Faced with an escalating backlash following two allegations of sexual harassment in less than a week, New York Gov. Andrew Cuomo on Sunday acknowledged that some of his comments in the workplace “may have been insensitive or too personal” and said he was “truly sorry” to those who might have “misinterpreted (the remarks) as an unwanted flirtation.”
But Cuomo, a third-term Democrat, also maintained that he never inappropriately touched or propositioned anyone, denying the allegation of a former aide that he had kissed her on the lips after a one-on-one briefing.
The governor’s statement capped a whirlwind 24 hours that began with a new accusation on Saturday of sexual harassment and growing calls from prominent New York Democrats for an independent investigation into the allegations. His efforts to guide that process also unraveled after the state attorney general, Letitia James, rejected Cuomo’s proposal that she and the New York’s chief judge jointly select an independent attorney to conduct “a thorough and independent review” of the claims against him. Instead, James insisted that the process be free from any perception of interference by the governor or his allies. To do that, she said, her office requested an official referral that would provide the investigation — which will be handled by an outside law firm — subpoena power.
In backing down from his initial positions, Cuomo — who over a decade in office has kept a powerful grip on the workings of the state government — signaled an understanding of the severity of a scandal that could threaten his job and prospects for reelection next year to a fourth term. The new accusation drew attention from top state elected officials and a call, on CNN’s “State of the Union,” from White House press secretary Jen Psaki for “an independent review of these allegations.” Psaki called them “serious” and said, of the second accusation, it had been “hard to read that story, as a woman.”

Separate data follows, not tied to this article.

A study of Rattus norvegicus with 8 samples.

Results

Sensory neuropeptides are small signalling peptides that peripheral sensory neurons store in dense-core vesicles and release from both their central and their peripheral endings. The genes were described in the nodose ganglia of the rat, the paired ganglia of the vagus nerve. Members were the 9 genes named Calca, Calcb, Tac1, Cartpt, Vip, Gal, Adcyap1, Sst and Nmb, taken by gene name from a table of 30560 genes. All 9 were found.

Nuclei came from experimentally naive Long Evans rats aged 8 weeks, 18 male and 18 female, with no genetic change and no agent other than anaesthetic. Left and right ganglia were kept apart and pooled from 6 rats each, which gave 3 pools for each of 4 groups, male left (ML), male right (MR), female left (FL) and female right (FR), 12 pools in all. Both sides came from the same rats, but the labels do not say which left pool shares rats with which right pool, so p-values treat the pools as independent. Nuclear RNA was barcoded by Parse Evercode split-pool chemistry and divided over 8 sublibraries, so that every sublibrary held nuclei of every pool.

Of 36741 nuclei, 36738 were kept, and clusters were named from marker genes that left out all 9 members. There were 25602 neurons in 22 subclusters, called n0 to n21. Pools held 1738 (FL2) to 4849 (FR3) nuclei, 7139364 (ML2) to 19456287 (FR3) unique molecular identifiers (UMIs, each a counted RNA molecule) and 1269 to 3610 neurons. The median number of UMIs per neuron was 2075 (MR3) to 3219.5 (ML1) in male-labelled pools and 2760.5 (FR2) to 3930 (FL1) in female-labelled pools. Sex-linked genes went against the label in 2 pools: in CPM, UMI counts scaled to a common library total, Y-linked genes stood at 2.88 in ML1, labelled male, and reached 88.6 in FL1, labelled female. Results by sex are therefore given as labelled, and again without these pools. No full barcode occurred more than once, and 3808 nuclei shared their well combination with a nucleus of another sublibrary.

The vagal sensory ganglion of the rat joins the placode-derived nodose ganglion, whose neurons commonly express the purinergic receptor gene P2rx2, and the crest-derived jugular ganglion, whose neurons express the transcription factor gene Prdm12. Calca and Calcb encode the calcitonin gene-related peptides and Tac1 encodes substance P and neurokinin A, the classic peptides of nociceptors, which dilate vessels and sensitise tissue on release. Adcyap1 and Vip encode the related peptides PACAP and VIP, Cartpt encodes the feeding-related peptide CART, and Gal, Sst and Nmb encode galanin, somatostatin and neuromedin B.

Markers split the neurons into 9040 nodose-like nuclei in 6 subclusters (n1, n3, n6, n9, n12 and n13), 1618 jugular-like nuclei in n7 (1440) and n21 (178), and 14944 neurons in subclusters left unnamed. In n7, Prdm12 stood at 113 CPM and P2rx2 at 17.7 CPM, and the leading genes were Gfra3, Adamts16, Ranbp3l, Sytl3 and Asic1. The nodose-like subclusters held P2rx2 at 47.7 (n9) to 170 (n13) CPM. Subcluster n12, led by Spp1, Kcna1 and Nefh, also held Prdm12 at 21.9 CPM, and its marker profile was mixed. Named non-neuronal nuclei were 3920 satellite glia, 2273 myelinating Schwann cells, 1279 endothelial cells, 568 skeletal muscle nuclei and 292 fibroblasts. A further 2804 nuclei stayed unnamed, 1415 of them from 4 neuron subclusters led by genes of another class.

Cuomo’s office had initially selected former federal Judge Barbara Jones to investigate claims of sexual harassment made against the governor by two female former aides, but the choice was publicly rejected by several high-profile New York Democrats, who argued that Cuomo should have no role in shaping the probe.
Beth Garvey, special counsel and senior adviser to the governor, in a statement earlier Sunday then asked James and Chief Judge Janet DiFiore to choose “an independent and qualified lawyer in private practice without political affiliation” to conduct a “thorough review” and issue a report on the matter in an effort to “avoid even the perception of a lack of independence or inference of politics.”